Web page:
The good news: The rate of colorectal cancer has been falling steadily.
The bad news: The colorectal cancer rate for young adults has been rising for the past 20 years.
Researchers who analyzed U.S. National Cancer Institute data found that the U.S. colon cancer rate fell 1 percent annually from 1975 to 2010. However, rates rose by 2 percent a year among those aged 20-34 and about .5 percent for those aged 35-49.
The study estimated that the rate among the 20–34 age group would rise 38 percent by 2020 and 90 percent by 2030. By 2030, about 1 in 10 colon cancers and nearly 1 out of 4 rectal cancers will be diagnosed in patients younger than 50.
That is twice as high as the current incidence in younger adults.
The troublesome aspect of this development is that adults below age 50 are not covered by public health guidelines for colon cancer screening. Despite the rise in the colorectal cancer rate among young adults, the incidence rate is low. Widespread screening would add significantly to U.S. national health expenditures with little benefit because this disease, although rising, is still rare in young people.
The use of colonoscopy has been rising among young adults, especially since 2000. About 5 percent have had one by the time they reach age 50. Increasing awareness of colon cancer symptoms and better measurement of family history have fueled the screening increase.
More than 90 percent of those receiving colonoscopies are 50 and older. Federal guidelines recommend Americans receive a colonoscopy every 10 years. An increase in the screening rate has been a key reason for the falling colorectal cancer rate.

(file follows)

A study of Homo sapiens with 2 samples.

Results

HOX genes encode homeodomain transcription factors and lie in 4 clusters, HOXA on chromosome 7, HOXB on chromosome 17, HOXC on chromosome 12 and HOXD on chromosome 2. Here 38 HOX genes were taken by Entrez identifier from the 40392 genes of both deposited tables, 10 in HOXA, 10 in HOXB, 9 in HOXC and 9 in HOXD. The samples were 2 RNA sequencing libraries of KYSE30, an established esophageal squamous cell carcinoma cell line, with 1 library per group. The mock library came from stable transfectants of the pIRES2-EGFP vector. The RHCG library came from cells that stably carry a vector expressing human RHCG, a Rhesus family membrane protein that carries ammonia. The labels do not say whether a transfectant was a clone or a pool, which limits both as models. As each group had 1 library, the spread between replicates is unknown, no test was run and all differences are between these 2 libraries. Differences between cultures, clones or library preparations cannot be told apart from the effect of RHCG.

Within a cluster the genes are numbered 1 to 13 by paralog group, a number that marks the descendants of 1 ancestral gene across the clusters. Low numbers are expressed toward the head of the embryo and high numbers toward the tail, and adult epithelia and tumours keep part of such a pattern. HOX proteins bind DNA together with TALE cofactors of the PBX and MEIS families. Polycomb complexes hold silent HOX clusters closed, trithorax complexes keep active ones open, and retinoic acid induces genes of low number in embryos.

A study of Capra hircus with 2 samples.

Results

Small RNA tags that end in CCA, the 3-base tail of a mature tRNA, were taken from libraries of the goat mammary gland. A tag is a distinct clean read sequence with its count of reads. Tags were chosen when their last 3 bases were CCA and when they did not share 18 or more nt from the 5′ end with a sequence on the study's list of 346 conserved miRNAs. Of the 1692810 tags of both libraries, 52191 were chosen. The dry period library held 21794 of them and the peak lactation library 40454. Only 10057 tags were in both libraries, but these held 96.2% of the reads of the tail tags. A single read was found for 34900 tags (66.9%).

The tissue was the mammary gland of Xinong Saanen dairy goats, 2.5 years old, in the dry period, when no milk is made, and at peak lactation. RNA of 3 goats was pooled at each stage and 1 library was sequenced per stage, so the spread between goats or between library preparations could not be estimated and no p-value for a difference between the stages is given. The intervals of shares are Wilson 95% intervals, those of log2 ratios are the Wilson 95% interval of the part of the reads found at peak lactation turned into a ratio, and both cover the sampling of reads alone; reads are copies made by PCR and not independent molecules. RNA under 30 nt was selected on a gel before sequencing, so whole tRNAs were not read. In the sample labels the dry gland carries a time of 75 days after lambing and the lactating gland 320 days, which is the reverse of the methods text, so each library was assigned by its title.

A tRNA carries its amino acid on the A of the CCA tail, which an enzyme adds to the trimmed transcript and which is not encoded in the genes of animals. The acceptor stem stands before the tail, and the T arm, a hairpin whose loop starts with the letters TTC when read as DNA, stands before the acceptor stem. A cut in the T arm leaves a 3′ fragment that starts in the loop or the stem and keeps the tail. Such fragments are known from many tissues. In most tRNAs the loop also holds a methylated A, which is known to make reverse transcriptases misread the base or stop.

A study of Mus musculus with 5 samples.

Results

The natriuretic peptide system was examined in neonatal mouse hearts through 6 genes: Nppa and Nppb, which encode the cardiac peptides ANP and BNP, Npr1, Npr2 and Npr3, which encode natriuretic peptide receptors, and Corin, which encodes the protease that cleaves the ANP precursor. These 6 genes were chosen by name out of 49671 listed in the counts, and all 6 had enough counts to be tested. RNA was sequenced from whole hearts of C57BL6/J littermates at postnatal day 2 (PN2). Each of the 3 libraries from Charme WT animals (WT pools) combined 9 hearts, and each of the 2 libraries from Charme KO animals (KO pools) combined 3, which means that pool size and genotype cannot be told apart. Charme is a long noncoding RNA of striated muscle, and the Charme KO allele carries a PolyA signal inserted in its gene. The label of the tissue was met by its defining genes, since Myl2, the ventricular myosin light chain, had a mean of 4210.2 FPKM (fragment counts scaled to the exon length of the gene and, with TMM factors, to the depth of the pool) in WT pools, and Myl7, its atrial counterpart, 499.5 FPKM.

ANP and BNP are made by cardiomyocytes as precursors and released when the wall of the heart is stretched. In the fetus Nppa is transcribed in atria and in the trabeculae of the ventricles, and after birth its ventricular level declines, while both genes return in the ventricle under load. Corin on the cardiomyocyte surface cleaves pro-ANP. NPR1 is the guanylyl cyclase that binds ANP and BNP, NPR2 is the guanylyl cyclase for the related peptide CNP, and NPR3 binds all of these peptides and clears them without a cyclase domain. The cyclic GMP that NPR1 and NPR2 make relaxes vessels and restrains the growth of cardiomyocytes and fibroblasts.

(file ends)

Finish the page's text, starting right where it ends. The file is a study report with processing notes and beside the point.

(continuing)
Colorectal cancer remains the third most-common U.S. cancer, and the second-leading cause of cancer death behind lung cancer. It is highly preventable with regular screening and treatable with early detection.
Clifford Simmang, MD, a colorectal surgeon on the medical staff at Baylor Regional Medical Center at Grapevine, said he noticed a high number of young colon cancer patients when he served as director of a colon and rectal surgery training program 15 years ago. He said his analysis found that more than 15 percent of cancer cases were people under age 50.
Dr. Simmang recommends that patients with familial polyposis — an inherited condition that causes a profusion of polyps, one of which will inevitably become cancerous if left untreated — have surgery after high school or in their early 20s.
Dr. Simmang said patients and primary care physicians need to be more vigilant about following through on evaluating symptoms and not pass them off as “benign” because the patient is young. He said young colorectal cancer patients often ignore bowel changes that persist for months.
Clyde Collins, MD, a gastroenterologist on the medical staff at Baylor Medical Center at McKinney, called the rise in colon cancer among the young very alarming.
“Colon cancer is often an unexpected finding, as most patients will see their doctor for a common complaint such as diarrhea,” he said. “Younger patients can have a tendency to ignore symptoms as a result they can present with more advanced cases when it is found.”
If you’re concerned about colon cancer, don’t delay. Find a physician near you today.
About the author
Steve is a senior marketing and public relations consultant for Baylor Scott & White Health. He spent nearly four decades in newspaper and magazine editorial and business management and is the author of two books on healthcare reform. He was also the founding editor of D Magazine's D Healthcare Daily.